Turkish President Recep Tayyip Erdogan met his Russian counterpart, Vladimir Putin, Thursday for the fourth time in as many months. The frequent meetings and close ties are fueling concerns among Turkey’s Western allies that Ankara is circumventing sanctions against Russia.
The latest encounter was in Astana on the sidelines of the summit of the Conference on Interaction and Confidence Building Measures in Asia.
Speaking to reporters after his meeting, Erdogan said he wants to build on the success of the United Nations-brokered deal that allows Ukrainian grain blockaded by Russian naval forces to enter world markets.
Erdogan said Turkey is determined to strengthen and continue the grain exports under the Istanbul agreement and the transfer of Russian grain and fertilizer to less developed countries via Turkey.
Ankara played a pivotal role in assisting the United Nations in brokering the grain deal between Ukraine and Russia, known as the Istanbul agreement. Putin on Thursday criticized the deal's implementation, claiming countries in need are not benefiting from the agreement.
The deal comes up for renewal next month.
Galip Dalay of London’s Chatham House said the Ukrainian grain deal is seen as a vindication by Erdogan of his policy of maintaining close ties with Putin.
“The role Turkey can play is very much contingent upon having a working relationship with Russia,” he said. “The Ukrainian grain deal is one of them. Turkey can play a more humanitarian role down the road or a more diplomatic role. All of them require Turkey to have some sort of functional relationship with Moscow as well.”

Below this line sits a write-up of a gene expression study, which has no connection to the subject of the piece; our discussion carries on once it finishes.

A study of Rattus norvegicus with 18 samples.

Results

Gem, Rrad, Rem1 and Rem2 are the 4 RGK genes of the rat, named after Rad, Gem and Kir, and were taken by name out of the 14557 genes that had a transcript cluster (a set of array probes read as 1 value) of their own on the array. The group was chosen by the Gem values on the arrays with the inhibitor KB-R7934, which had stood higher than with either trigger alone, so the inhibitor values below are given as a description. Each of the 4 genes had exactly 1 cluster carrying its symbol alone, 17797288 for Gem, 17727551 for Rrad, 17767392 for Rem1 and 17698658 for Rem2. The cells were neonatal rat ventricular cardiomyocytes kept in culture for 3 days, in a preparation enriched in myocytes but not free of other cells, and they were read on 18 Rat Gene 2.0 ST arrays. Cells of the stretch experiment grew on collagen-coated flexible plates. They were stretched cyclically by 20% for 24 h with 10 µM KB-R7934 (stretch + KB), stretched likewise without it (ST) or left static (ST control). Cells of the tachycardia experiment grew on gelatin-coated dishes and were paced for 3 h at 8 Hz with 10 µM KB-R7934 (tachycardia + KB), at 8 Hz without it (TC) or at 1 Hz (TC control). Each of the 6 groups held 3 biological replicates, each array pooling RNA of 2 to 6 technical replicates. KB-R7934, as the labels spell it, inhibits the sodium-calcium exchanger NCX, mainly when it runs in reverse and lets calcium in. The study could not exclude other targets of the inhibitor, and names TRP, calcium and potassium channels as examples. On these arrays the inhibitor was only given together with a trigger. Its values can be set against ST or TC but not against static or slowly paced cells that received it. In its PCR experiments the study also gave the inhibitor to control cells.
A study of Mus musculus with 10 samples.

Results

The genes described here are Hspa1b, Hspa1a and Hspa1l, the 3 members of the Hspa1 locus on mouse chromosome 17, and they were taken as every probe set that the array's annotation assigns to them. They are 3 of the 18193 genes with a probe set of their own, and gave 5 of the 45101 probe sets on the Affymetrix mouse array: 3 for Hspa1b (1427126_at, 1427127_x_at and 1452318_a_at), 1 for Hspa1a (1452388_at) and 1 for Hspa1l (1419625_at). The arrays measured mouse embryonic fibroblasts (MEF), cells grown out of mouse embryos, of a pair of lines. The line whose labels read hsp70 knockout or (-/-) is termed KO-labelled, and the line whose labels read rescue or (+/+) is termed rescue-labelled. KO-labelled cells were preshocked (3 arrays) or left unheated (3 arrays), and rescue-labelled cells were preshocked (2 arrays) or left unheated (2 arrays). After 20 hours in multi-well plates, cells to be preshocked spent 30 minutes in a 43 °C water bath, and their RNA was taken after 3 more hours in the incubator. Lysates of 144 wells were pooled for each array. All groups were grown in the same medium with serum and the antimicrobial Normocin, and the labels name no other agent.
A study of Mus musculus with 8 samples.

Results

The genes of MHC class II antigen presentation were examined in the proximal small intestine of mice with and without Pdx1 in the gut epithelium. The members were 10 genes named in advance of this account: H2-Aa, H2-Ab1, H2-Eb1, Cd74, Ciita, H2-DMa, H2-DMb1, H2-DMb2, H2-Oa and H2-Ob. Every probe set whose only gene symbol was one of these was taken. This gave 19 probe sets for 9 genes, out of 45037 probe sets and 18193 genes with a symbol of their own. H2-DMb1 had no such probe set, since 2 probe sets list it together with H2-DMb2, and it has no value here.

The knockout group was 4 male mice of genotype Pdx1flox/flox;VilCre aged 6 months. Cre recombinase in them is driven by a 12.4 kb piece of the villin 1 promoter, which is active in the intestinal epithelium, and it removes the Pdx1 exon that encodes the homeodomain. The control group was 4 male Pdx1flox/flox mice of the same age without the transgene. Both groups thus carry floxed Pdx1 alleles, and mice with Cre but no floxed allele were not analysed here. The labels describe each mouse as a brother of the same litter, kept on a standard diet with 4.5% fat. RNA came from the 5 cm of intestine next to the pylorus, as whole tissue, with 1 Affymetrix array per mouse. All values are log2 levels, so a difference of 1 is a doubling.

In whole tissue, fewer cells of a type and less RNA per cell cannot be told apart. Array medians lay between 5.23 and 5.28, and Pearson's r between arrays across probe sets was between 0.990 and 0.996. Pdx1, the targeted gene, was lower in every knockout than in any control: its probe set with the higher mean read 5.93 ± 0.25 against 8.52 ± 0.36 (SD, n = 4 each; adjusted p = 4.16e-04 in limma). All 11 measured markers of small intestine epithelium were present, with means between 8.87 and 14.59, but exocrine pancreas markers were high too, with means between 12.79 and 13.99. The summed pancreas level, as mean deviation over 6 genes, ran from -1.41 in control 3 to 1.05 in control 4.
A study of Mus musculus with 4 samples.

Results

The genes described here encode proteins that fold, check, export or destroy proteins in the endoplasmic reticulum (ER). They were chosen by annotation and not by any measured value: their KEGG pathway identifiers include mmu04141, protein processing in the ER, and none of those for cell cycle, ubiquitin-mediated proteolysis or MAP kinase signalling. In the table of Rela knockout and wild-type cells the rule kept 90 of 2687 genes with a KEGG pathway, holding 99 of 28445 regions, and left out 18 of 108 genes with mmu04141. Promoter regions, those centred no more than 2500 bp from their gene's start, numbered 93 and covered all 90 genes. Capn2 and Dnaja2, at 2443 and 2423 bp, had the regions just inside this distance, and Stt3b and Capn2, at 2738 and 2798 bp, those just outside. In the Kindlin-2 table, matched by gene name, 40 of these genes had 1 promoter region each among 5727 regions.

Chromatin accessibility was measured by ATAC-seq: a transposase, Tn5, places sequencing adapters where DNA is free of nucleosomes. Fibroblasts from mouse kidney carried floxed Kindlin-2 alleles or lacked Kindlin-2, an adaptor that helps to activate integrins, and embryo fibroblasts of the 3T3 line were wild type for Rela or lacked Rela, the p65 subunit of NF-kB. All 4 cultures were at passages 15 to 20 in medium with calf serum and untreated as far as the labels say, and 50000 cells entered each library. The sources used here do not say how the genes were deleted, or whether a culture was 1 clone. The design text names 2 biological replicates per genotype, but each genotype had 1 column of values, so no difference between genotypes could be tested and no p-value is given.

Stressing the need to maintain close ties with Moscow, Ankara refuses to enforce western sanctions against Russia. The European Union, in a report this week, strongly criticized Ankara for not enforcing sanctions and warned that European companies could use Turkey to circumvent the restrictions.
Washington has also voiced concern. Such complaints are likely to grow with Putin on Thursday repeating a suggestion to use Turkey as a hub for distributing Russian gas that was originally intended for Europe.
Erdogan has not commented on the proposal.
Senior strategist Timothy Ash of Bluebay Asset Management said Putin is seeking to create divisions among his western adversaries and is finding a willing partner in Erdogan.
“For Putin, the relationship with Turkey is important (because) it's about dividing Europe,” he said. “Turkey is a key NATO member. The more he can pull Erdogan and Turkey away from the West, that's all the better. For Erdogan, he's got elections due by June of next year, and he's got a very difficult balance of payments issue. And he thinks by helping Russia getting around sanctions, he thinks Turkey can earn key balance of payment receipts, and that will help.”
Ankara denies it is sanction-busting. But observers say Erdogan is walking an increasingly fine line by looking to keep close ties with Russia, knowing at the same time that his dealings with Moscow could trigger retaliation from the U.S. and Europe in the form of secondary sanctions.